Periodontal (gum) disease is a bacterial infection of the gums that occurs when the toxins and acids contained in plaque irritate and inflame the gum tissues. It is a progressive condition, and if left untreated will eventually lead to the destruction of the connective gum tissue and jawbone, as well as tooth loss. When treated promptly in the earliest stages of development, periodontal disease is completely reversible. If allowed to progress, however, there is no way to completely cure the disease.
There are several stages of gum disease, each of which becomes progressively worse when unchecked. The mildest and most common form of periodontal disease is gingivitis, which is an inflammation of the gums. Gingivitis is easily reversible with a combination of thorough home care and professional cleanings. If gingivitis progresses, it becomes chronic periodontal disease. During this stage of gum disease, the destruction of the gum and bone tissue begins. While the progression of the disease can be halted at this stage, it cannot be completely cured.
Further development of the disease causes it to develop first into aggressive periodontal disease, and then into a type of periodontal disease related to systemic conditions (such as heart disease, diabetes, and respiratory disease). Patients with these forms of periodontal disease often require surgical intervention in order to halt the progression of the disease.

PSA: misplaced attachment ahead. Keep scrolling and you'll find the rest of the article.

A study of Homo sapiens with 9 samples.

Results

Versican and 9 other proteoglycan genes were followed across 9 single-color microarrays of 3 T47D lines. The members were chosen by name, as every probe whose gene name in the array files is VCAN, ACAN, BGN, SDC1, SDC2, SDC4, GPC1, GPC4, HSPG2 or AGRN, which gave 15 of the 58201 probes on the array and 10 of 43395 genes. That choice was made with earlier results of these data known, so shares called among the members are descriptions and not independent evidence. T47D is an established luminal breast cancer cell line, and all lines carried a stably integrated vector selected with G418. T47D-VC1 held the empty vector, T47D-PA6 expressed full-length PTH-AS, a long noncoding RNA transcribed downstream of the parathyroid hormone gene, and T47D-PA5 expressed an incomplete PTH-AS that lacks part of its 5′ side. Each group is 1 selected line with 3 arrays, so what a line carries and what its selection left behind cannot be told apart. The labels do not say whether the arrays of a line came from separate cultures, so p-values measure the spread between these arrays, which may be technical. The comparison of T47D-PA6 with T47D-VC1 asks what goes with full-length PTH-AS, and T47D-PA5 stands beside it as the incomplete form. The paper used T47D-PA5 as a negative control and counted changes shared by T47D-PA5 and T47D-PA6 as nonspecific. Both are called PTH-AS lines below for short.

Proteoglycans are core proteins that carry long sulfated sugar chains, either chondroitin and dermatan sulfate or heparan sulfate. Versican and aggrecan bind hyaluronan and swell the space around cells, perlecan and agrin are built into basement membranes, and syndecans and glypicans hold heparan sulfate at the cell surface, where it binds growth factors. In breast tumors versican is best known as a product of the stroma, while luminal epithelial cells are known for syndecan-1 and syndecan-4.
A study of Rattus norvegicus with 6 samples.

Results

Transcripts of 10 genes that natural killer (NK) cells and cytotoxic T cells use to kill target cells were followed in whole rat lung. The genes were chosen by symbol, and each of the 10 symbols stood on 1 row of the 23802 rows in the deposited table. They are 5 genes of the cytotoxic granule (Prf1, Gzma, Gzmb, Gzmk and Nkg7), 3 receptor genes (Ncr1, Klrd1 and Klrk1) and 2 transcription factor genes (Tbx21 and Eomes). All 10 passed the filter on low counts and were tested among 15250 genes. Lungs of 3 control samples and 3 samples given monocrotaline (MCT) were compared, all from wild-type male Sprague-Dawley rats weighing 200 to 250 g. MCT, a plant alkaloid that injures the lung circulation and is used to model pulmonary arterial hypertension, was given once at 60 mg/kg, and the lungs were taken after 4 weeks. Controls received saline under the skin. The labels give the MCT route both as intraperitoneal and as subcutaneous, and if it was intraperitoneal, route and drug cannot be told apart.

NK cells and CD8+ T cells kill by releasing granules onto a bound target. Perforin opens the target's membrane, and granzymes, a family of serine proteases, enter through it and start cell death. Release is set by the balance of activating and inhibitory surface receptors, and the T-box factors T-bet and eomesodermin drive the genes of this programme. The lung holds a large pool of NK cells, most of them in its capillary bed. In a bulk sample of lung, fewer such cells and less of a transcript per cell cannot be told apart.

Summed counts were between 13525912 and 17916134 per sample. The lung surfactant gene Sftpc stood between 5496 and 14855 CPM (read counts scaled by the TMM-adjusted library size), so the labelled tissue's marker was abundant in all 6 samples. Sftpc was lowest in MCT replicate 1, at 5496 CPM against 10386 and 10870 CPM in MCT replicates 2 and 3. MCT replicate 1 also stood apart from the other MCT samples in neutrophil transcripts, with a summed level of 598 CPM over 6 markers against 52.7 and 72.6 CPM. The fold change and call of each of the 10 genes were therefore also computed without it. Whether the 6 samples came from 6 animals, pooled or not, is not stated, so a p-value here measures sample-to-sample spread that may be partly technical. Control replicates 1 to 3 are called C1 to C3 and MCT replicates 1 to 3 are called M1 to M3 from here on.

There are many causes of gum disease, including:
- Poor oral hygiene
- Pregnancy and menopause
- Chronic stress and poor diet
- Tobacco use
- Diabetes and other underlying medical issues
- Bruxism (teeth grinding)
- Certain medications (oral contraceptives, steroids, heart medication, and anti-depressants)
Periodontal disease can sometimes be difficult to diagnose, as the early stages of the disease are painless and may go unnoticed. This makes it critical that you continue to visit the dentist regularly so that your mouth can be checked for any signs of periodontal disease. Common symptoms of gum disease include:
- Gums that bleed easily
- Pain, redness, or swelling of the gums
- Bad breath
- Loose teeth
- Changes in the bite
- Pus between the teeth
- Longer-looking teeth
- Gum recession
If you have any questions or concerns about periodontal disease, please contact Adaptive Dental Associates at 908-847-4498. Dr. Robert Lo Giudice and associates will be happy to provide you with additional information, and our team can help you schedule a consultation with our dentists at Phillipsburg, New Jersey.